Duke's unique partnership with City of Durham helps foster 'positive growth'

Posted May 18, 2018 6:23 p.m. EDT

— It's hard to miss the fact Duke is located in Durham while you are driving around the city.

You see signs for the university far outside the campus limits, but what may seem like a private school buying up space is actually quite the opposite. The city and university share a unique partnership that is helping Durham grow.

"(Duke) has been a major partner in that. It has been at the forefront of that for quite a while," said Nicole Thompson, chief executive officer for Downtown Durham Inc.

Duke leases more than 2.5 million square feet of office space and other multi-use spaces in the city of Durham, and the university pays property taxes on those spaces, something it is not required to do as a tax-exempt institution.

"We wanted to be able to contribute to Durham to contribute to the positive growth," said Duke Vice President for Public Affairs and Government Relations Michael Schoenfeld.

The tax money paid by Duke amounts to $7 to $8 million a year. The University is also one of the first tenants to sign on with any new project. It has leased space in the American Tobacco Campus, Brightleaf Square and the brand new One City Center, which is set to open in late 2018.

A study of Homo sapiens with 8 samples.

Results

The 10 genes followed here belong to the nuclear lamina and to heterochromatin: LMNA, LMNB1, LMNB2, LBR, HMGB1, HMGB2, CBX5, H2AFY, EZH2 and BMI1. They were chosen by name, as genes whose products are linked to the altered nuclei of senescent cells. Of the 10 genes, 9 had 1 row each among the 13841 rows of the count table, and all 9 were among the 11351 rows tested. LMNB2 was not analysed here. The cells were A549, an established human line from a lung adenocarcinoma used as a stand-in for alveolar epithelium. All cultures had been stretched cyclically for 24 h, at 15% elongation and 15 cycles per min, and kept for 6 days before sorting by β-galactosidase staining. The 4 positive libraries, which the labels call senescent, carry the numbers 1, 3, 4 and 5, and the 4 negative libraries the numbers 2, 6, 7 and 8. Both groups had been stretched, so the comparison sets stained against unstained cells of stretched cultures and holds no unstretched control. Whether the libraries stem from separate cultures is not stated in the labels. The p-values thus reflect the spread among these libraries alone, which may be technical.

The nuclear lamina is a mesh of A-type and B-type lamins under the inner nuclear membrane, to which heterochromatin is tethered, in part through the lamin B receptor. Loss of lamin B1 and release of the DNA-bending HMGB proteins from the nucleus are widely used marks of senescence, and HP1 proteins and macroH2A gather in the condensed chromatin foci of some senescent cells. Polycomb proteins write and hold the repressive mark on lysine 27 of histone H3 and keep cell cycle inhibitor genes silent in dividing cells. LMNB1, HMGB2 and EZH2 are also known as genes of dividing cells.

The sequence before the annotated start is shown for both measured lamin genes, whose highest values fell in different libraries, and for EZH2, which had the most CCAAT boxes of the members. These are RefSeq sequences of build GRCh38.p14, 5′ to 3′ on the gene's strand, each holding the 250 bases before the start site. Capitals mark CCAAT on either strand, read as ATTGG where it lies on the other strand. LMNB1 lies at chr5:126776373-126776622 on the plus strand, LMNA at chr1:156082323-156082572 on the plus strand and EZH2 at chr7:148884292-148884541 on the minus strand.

Thompson said Duke is often key for securing funding for an idea.

"In a lot of cases Duke pre-leases the space, so because they are coming in and pre-leasing the space a lot of the projects can get done. They are then able to get the funding to complete the project," she said.

"The city and the university are inextricably linked," said Shoenfeld. "This is our home. This is Duke University's home."

Duke's latest endowment is listed at $7.9 billion which makes the university more than capable of paying a tax bill which wouldn't be affordable to most public universities. The gesture, however, does not go unappreciated by those who are hoping to continue to see Durham thrive.

Thompson called Duke "huge."

"It shows that they truly believe and they wanted to be a part of downtown's growth."